I occasionally do the loft insulation in 'void' houses where there is no one else present. Are there any regulation regarding working alone at height?


There is no specific work at height regulation governing working alone, but an employer has a duty of care to look after the health and safety of his employees whilst they are at work, and must undertake a risk assessment to determine suitable and sufficient measures required to deliver this.

A link to another HSE website gives some more information at

The Work at Height Regulations 2005 place a duty on the employer to ensure that work at height is properly planned, appropriately supervised and carried out in a manner which is so far as is reasonably practicable safe.

In order to do this he must carry out a suitable and sufficient risk assessment, both generic for known common problems, and then refined by a site specific one, to highlight what measures need to be taken in order to make this work operation as safe as possible.

Particularly, if working on his own, the worker needs a system whereby he can summon assistance if he becomes ill or injured. Part of safe working at height and also a requirement under the Regulations is for the employer planning the work to include for emergencies and rescue.

There are obvious risks when entering a loft space and the aim is to eliminate or reduce the risk of an incident arising from the various hazards encountered.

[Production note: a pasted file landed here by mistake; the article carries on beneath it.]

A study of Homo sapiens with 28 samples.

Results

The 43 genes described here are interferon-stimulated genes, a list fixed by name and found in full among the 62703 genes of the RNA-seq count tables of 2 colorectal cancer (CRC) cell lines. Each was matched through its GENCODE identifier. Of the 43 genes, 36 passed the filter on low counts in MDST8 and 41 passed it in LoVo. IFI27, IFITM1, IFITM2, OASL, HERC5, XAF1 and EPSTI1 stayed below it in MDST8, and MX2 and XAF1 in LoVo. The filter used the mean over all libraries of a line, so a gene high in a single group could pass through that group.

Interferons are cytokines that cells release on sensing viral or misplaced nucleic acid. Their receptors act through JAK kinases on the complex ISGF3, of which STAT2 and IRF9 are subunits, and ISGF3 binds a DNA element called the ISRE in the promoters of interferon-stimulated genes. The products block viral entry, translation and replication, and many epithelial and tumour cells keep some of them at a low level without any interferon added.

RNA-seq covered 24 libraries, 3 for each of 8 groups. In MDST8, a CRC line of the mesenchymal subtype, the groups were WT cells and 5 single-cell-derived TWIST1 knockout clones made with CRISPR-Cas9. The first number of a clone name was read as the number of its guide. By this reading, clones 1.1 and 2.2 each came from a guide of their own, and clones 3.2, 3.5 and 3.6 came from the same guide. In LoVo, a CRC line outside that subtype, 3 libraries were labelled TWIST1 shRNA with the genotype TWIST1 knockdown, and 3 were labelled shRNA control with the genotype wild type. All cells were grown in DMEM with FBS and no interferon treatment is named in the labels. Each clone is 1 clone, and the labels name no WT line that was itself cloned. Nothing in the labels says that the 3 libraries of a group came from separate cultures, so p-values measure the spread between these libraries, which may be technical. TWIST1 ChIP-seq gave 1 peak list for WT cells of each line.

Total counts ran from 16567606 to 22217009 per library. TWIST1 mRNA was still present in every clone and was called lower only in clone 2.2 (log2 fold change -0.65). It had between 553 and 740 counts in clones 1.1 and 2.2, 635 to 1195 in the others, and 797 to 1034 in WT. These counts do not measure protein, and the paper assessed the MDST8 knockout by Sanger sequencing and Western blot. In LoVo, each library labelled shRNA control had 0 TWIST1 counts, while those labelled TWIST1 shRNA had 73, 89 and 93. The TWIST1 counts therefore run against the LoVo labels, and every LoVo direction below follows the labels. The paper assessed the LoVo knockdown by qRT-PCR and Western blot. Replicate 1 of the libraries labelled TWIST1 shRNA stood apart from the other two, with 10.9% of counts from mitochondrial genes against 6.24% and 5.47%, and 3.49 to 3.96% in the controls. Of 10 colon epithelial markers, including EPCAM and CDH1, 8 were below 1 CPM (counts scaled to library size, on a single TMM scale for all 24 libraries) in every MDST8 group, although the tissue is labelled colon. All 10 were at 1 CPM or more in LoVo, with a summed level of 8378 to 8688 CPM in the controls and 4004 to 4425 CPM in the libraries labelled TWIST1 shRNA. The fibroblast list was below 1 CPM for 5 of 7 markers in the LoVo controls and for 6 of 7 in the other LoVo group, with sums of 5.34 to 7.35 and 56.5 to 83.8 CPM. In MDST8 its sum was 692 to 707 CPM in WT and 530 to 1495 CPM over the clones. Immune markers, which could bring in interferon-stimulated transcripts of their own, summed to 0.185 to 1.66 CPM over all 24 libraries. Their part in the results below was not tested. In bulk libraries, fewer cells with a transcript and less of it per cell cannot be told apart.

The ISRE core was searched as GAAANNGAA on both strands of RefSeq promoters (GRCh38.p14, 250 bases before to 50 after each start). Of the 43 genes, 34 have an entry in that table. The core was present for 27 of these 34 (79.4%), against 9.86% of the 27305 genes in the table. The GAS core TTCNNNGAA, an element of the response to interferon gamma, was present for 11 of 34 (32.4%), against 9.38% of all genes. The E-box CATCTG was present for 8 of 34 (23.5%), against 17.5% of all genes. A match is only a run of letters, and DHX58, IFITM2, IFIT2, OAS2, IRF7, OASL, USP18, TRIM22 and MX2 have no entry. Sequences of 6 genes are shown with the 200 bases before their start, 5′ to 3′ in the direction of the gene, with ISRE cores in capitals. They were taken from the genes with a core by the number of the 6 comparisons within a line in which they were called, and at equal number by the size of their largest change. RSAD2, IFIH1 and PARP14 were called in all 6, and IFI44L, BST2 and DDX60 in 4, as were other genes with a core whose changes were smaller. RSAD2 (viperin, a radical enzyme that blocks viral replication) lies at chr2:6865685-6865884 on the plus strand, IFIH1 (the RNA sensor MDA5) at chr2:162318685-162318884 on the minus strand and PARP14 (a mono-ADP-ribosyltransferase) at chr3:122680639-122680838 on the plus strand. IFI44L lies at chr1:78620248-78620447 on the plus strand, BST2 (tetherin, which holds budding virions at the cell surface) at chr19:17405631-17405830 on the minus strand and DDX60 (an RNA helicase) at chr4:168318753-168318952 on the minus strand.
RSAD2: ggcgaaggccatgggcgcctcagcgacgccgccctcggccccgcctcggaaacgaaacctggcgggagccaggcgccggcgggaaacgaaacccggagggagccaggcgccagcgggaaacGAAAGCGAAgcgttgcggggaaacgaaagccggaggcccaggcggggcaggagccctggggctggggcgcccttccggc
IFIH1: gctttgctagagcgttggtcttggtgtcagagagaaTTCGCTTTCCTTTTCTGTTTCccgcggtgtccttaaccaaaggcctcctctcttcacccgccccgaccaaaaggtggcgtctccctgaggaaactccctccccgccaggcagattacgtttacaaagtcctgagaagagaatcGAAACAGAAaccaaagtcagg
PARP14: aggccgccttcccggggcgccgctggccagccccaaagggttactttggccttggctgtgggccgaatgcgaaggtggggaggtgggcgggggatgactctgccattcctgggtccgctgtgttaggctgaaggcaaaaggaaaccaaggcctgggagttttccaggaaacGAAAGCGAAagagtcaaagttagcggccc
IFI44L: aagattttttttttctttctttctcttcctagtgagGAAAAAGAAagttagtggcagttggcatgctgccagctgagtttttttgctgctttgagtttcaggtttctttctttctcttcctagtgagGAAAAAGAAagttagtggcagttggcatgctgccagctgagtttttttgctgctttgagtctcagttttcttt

In this instance the hazard is an unknown, possibly dark loft, with potentially a fragile surface, to which access needs to be gained at height. To enter the loft you would need to ensure that the method is safe and the equipment stable when moving off the access equipment into the loft.

You certainly need a handhold with the loft space to use to prevent falling whilst entering the space. Full use of ladders and step ladders can be found on our website at

then select "Further reading" INDG402 - Safe use of ladders and stepladders [PDF 318kb].

When considering the most appropriate access equipment to gain entry to a loft, a tied ladder will be more stable than a step ladder. A combination ladder will also suffice. 

The employer's risk assessment needs to decide upon the most suitable work equipment taking into account amongst other things, the ease of transport, erection, frequency of use, height to be accessed, physical access to below the loft and size of loft hatch, and the materials to be got into the loft.

Before entering the loft you need adequate artificial light to illuminate where you are entering. There are a variety of rechargeable lights on the market that negate the need for a power supply. Also there will be no trailing lead which would be a potential tripping hazard.

When considering entering the loft space you will need to ensure that you are not able to fall between the floor joists.

Confining yourself to walking along the joists, and especially if they are hidden under loft insulation, does not provide a safe method to minimise the risk of a fall through a plasterboard ceiling, should you miss the joist on any one step.

Some form of temporary boarding is needed to cover the gaps between the joists. There is a variety of safety decking available. A good example is concertina style load bearing safety decking that can be passed up through the loft opening and then can be expanded out when in the loft to extend over the joists.

Ideally any decking or safety boards ought to be secured to the joists so that they do not slip when walked upon. Ideas on supply can be gleaned from a web search on void or hatchway deck, or safety decking.